Written by Amanda Dudley
As the debate about the use and abuse of personal information across social media is more relevant than ever, many people have been forced to take a better look at what information they share online. This is especially true for children and teens, but many adults are oblivious to the dangers of information sharing as well.
While we might feel powerless when thinking about all of our data that mega-companies use for commercial purposes, remember that there are things you can do to protect yourself and your personal information. Your first line of defence is painfully obvious- just don’t share the information you don’t want out there.
That includes your location, confidential identity information, financial information and similarly private data that can be abused. Keep on reading to know how to protect personal information online.
Your location is one of the most valuable pieces of data you should keep secret from the internet. When you share your location, you don’t only tell the entire internet where you are; you also tell them where you aren’t. It is not a long shot to say that you can outline a person’s whole weekly schedule, daily routine and favourite places from just their Facebook or Instagram profile. This leaves you vulnerable to theft, burglaries and other kinds of crime.
There are two different kinds of location information you can share when you are online. There is active location data that you share yourself, like tagging your location on a photo or a tweet, and there is passive location data that apps and browsers gather while you use them.
What you have the most control over is your active location data. The first thing you can do is turn on the ‘‘online not sharing location’’ option on your iPhone or turn off location sharing on your Android phone. Then you can turn off automatic location tagging on all of your social media. You should also find your camera settings and turn off location tagging. Many people don’t know their phone automatically geotags the photo with the exact location where you took it. This geotag is still present when you share the image on social media, and it can be used against you.
Moreover, never share your home address and be mindful when taking photos around your home, as you might catch some landmarks that uncover where you live.
Confidential identity information
You have probably heard of horror stories about identity theft and how hard it is to regain control over your life after something like that happens. To protect yourself from identity theft, never share confidential identity information like social security numbers or pictures of your ID, driver’s license or passports. Also keep an eye on various things in your photos that might reveal your personal information such as documents, envelopes or packages.
Financial information is right up there with the most confidential data about you that you should protect at all costs. Any kind of bank account number, credit or debit card number, savings account and tax information should be kept away from the eyes of strangers, and most people you know for that matter.
This is especially true if you tend to flaunt your wealth online, which makes you a target for theft and credit card fraud. Just like payment methods are evolving and becoming easier and faster, techniques for financial fraud and other crimes are evolving too. This means that knowing how to protect your personal information online is becoming more important than ever.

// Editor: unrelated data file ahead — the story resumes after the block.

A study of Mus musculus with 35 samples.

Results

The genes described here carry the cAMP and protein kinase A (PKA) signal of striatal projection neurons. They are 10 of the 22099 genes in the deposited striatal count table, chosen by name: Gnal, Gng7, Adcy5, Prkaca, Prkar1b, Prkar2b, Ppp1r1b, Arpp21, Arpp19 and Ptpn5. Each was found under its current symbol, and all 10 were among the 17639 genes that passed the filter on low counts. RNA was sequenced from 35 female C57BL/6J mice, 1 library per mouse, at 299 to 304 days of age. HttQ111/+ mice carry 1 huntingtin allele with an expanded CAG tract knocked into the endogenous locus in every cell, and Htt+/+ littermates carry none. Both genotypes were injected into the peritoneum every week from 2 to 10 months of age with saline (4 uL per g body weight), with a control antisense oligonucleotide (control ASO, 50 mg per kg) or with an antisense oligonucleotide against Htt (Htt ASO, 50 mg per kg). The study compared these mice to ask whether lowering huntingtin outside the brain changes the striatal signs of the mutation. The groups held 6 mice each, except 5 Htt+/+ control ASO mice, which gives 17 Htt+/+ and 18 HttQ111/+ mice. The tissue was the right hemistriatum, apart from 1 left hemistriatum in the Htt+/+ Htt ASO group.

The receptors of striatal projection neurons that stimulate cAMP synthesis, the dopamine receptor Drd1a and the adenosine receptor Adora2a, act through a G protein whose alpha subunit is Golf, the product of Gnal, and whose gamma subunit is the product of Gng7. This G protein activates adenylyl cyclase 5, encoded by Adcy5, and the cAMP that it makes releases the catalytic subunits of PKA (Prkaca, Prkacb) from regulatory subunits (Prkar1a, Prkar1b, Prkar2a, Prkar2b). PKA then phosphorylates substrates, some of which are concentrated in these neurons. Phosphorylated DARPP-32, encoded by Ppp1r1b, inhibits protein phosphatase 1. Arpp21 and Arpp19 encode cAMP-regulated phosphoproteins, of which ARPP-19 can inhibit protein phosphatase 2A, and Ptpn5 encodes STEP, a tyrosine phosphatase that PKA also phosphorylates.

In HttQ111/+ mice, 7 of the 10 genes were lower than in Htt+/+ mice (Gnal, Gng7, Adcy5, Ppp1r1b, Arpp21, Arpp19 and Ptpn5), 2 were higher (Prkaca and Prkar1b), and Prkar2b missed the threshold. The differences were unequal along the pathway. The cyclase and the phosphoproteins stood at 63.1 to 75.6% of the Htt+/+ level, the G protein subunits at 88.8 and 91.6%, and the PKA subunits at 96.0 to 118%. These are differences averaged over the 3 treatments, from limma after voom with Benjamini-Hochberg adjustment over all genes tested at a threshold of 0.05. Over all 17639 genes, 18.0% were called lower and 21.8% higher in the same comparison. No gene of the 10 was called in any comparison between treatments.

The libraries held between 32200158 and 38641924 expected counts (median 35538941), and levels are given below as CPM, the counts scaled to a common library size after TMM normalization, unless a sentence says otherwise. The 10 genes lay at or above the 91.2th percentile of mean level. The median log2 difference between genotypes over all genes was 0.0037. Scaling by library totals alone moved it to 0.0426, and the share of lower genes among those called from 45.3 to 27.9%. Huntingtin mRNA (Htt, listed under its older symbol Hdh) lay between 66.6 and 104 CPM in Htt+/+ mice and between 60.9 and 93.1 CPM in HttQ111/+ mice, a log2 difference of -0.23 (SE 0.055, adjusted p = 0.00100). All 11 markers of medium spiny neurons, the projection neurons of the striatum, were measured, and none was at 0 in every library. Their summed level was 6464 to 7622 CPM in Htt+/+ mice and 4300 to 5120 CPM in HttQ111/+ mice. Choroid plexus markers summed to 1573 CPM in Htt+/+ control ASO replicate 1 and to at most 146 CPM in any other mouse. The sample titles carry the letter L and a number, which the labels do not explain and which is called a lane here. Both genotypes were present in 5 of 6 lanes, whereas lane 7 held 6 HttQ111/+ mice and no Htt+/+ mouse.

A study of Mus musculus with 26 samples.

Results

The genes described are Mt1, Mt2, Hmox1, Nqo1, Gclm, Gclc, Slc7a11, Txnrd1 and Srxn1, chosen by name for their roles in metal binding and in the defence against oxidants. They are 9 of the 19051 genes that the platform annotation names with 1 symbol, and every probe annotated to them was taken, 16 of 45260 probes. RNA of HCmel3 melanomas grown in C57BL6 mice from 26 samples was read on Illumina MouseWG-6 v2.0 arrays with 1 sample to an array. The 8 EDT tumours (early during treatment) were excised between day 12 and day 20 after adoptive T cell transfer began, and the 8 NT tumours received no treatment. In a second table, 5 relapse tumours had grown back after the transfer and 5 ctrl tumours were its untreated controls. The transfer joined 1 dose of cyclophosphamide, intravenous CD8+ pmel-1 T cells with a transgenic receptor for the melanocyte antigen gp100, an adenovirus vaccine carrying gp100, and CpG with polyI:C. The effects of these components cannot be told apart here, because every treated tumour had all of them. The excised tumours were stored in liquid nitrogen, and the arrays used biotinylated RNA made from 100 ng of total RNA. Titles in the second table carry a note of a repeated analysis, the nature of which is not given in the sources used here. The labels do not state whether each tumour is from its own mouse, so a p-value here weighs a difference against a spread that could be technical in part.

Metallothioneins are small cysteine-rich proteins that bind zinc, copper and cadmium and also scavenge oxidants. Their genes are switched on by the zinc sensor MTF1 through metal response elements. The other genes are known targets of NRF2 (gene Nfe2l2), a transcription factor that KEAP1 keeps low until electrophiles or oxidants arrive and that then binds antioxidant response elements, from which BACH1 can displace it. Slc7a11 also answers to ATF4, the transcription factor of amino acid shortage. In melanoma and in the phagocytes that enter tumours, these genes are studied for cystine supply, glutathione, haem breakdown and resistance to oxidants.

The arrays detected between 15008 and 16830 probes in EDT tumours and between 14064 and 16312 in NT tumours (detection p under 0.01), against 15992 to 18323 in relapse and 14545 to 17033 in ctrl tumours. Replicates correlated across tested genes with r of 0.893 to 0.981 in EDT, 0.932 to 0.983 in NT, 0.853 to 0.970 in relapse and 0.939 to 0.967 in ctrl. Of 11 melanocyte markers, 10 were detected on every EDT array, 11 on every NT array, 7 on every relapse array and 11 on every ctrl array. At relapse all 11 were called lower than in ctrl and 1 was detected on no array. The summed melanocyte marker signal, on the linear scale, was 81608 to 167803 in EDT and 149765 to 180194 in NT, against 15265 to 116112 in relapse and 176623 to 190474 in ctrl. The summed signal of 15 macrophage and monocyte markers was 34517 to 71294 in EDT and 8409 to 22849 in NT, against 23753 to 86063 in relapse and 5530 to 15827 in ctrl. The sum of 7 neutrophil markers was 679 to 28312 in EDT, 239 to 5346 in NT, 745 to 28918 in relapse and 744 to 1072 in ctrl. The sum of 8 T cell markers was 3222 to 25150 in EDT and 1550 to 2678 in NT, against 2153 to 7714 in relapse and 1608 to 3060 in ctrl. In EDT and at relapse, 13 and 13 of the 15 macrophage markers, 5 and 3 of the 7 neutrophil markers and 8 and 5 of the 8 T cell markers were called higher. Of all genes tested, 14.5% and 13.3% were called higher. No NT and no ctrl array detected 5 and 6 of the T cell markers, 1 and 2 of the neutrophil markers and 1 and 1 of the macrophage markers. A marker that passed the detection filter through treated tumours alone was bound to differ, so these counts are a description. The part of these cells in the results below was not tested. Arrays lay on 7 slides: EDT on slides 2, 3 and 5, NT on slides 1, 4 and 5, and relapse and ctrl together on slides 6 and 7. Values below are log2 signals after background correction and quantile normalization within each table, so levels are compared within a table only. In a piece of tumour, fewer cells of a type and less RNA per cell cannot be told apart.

You should employ maximum caution with online payments as well, making sure you only deal with reputable and safe companies.
This is more or less self-explanatory, but still deserves a mention. All that you do to protect your personal information online will be pretty much useless if someone gets their hands on your account information. Breaking into just one account makes it infinitely easier to gain access to all of the information that you worked so hard to hide.
While it can be very difficult to avoid ever getting hacked, you can avoid sharing any information that might give easier access to your account to someone else. This doesn’t only include passwords – it applies to various general information that is used for password recovery. This information includes your first pet’s name, your first home address, your favourite vehicle or color. You can be tricked into sharing these while taking quizzes, surveys and similar games on social media, so be mindful of that.
As far as passwords are concerned, a strong password is the least you can do to stay safe. It is also wise to change your passwords regularly, and never have the same password for more than one account.
Overall, the dangers of sharing your information online are numerous. It can be startling to realise you are putting more of yourself out there than what you bargained for, so take a deep breath and tackle this issue systematically. You can reserve a day in the month for internet security control, where you take your time and make sure all of your data is secured and your passwords are changed. If you really must share your personal information with someone online, you can opt for a browser extension like Safe share. It enables you to send and request personal information that will be encrypted and available only when using a password. Stay safe and private, as the internet is vast and full of dangers.
About the author: Amanda Dudley is a lecturer and a writer with a Ph.D. in History at Stanford University. After receiving the doctoral degree, Amanda continued her educational career at the university. Since 2001, she began to conduct lectures on American and world history for graduates and undergraduates, and she currently works as a part-time essay writer for a writing service.